For many and for some, the revival of the conflict in Sri Lanaka harks a sad but unsurprising moment for those familiar with ideas of how nation-states are formed. For others who have travelled to
In the period after the 2002 Norweigian-brokered ceasefire agreement between the Sri Lanaka government and the LTTE rebels, I travelled to
During a bus journey to the histroical town of
One reason why the Sri Lankan conflict has dragged on for so long is that ethnic nationalism has become so embedded in the political thinking of the Sinhalese-majority and the Tamil-minority that their claims to statehood and nation-building cannot move beyond categories of ethnicity. To some extent, racialisation of politics in
As a consequence, ethnicity became and has become the only framework in the process of Sri Lankan nation-building. And in this framework, all other factors crucial to nation-building had to fit in. One such factor is how nation-building processes demarcate boundaries within and between its people. How should the line be drawn for Tamils living in Sinhalese regions and vice versa? When the pieces don't fit, the nation-building process becomes increasingly convoluted for both the Sinhalese and the Tamil national projects. In Mar 2004, led by Colonel Karuna, commander of the LTTE's Eastern province, the LTTE factionalised in front of the world. Why? According to Colonel Karuna, the LTTE cadres living in the East had been neglected, and significantly, there were no LTTE cadres from the East who could count among the ranks of the main LTTE leadership. Colonel Karuna evidently believed that the main LTTE Tamil leadership was neglecting the LTTE Tamils in the East. How should the line be dranw for Tamils living in the East and Tamils living in the North? According to media reports in Jul 2006, Colonel Karuna has formed his own group called the "Tamil Freedom Panthers" and he is very much a part of the current conflict.
In her book "On Violence", political philosopher Hannah Arendt (1969) observed that power and violence were two qualitatively distinct entities. She pointed out that it was not violence, but power that formed the essence of governments. Violence can destroy the old power, she said, but it can never create the authority to legitimate the new. In a sense, the LTTE movement is not so much a violence to legitimate the new, as it is a violence to 'restore' Tamil rights and institutions, something not so new. The very same rights and institutions which were there from the time of the British, and also the very same rights and institutions which were contested and fought over with the Sinhalese since the time of the Indian epic the Ramayana, which tells the story of the conquest of Lanka in 3000BC by Rama, an incarnation of the Hindu god Vishnu. Let us hope that the Sri Lankan government's willingness to resume peace negotiations resume hold of the tiger's gaze.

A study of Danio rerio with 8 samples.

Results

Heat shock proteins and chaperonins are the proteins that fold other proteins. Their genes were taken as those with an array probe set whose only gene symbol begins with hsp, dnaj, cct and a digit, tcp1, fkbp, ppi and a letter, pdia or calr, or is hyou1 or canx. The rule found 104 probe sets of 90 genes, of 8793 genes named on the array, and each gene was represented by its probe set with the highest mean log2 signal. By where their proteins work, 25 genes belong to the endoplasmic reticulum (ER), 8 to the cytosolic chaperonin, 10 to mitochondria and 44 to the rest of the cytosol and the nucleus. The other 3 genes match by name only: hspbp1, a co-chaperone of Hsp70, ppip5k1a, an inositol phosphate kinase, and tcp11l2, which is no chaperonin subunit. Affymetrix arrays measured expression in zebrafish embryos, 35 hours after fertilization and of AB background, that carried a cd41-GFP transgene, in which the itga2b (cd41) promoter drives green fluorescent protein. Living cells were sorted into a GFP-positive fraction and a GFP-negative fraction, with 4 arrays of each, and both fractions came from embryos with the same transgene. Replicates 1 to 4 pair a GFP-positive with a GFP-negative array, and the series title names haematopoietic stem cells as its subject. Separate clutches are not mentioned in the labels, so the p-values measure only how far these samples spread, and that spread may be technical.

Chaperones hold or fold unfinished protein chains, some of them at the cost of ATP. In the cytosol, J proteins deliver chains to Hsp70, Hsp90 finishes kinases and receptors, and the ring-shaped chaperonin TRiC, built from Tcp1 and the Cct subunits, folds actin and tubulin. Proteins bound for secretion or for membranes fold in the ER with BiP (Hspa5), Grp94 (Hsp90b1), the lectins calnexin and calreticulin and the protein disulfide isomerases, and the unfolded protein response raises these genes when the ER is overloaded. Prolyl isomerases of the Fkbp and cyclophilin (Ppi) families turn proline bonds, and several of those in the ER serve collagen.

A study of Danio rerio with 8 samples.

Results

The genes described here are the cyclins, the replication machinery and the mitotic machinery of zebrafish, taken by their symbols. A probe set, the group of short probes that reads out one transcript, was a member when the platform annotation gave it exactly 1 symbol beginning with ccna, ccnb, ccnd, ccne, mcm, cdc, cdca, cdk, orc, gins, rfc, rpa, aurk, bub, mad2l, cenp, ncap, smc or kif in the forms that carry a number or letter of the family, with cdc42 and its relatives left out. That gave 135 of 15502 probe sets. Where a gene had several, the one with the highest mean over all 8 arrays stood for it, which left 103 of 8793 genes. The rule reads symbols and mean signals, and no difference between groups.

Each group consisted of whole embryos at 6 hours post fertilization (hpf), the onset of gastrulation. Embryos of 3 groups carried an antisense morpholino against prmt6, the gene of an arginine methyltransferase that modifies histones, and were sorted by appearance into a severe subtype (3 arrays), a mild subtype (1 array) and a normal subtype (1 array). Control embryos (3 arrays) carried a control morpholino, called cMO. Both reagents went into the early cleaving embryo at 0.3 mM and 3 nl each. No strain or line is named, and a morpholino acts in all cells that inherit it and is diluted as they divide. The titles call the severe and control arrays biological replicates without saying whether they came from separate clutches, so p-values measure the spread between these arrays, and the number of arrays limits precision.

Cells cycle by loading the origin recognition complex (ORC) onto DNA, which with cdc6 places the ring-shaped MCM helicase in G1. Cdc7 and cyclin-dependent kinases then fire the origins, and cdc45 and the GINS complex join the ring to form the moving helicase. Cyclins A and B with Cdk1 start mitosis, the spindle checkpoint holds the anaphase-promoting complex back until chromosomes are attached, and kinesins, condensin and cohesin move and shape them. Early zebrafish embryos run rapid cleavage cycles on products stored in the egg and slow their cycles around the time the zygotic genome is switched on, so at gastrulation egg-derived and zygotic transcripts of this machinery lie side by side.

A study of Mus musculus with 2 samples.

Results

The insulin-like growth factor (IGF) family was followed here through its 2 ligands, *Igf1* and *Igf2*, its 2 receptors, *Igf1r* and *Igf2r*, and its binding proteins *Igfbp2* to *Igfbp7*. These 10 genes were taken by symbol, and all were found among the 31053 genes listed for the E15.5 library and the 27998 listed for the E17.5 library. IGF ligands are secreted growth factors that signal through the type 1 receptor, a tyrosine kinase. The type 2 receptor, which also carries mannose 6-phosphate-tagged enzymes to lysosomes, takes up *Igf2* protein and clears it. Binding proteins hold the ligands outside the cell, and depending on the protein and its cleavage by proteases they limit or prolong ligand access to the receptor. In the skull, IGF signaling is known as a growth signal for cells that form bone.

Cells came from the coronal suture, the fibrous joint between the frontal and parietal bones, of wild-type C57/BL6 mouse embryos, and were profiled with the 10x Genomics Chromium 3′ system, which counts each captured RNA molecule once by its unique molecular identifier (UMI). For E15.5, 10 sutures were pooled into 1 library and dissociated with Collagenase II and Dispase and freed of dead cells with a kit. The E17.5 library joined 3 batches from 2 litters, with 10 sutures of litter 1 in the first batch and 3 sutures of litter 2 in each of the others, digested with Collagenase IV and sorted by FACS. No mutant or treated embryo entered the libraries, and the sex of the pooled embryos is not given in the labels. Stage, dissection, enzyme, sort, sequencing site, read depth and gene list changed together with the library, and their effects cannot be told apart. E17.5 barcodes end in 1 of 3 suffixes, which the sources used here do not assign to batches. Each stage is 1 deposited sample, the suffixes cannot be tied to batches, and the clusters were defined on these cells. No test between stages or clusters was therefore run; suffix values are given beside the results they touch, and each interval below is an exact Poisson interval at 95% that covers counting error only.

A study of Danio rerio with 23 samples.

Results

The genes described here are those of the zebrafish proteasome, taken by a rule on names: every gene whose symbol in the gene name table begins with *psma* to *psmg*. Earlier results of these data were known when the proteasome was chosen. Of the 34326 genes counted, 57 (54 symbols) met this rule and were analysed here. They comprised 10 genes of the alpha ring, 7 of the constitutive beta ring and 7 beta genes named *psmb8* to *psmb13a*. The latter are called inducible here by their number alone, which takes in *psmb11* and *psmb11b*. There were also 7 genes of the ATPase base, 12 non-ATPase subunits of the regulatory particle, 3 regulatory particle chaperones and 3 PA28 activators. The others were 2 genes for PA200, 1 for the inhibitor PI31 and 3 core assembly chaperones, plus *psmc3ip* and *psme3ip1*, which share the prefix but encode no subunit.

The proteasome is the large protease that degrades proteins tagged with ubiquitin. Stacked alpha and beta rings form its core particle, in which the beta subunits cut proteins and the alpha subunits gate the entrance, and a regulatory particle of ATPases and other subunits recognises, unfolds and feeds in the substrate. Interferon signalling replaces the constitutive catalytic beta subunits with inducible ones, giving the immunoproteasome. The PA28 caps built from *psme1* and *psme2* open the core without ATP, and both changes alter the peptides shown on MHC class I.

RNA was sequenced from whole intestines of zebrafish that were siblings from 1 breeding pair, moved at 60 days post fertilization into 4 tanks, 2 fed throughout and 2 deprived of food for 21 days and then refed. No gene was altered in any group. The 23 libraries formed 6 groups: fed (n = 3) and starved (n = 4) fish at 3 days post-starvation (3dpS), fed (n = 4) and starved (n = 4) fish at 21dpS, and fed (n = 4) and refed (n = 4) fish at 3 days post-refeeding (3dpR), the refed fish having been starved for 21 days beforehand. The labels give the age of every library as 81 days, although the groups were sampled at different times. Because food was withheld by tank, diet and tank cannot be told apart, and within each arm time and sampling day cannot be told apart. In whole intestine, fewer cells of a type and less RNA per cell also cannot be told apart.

Straits Times Interactive -
A senior Tamil Tiger rebel official denied government claims that the rebels had offered to renew peace talks, saying negotiations were impossible amid increased military attacks and the most intense fighting in four years.
Fighting that started on Friday and continued over the weekend has cut off the main road connecting government-held regions of the peninsula with the mainland.
The Defence Ministry said 36 troops and 150 Tamil rebels have been killed in the fighting on the peninsula and near
The main airfield of Palaly has also been shut down, with private airlines ordered to halt flights there after the area took several artillery hits on Friday.'There is a daytime curfew in
The bulk of supplies and troops to
'The army pulled back from some of the defensive positions because of heavy artillery attacks,'' a military source said. 'Troops are now in the process of re-establishing the bunkers they lost on Friday.'
The pro-rebel Tamilnet.com website said the guerillas had breached military defences in the Muhamalai area at the southern entrance to the government-held area of
The Tigers said they launched the latest attacks in defence against a government military onslaught. The Defence Ministry, however, denied the charge and blamed the rebels for initiating the latest fighting.
The upsurge in violence came amid reports of an offer of talks by Tamil Tiger rebels. The government said it received a message from the Tigers through ceasefire monitors on Friday, hours before fighting erupted on the
But Seevarathnam Puleedevan, a senior rebel official has denied making any peace overtures. He demanded the government stop their military offensives to allow some 50,000 displaced people to return home before considering a return to peace talks.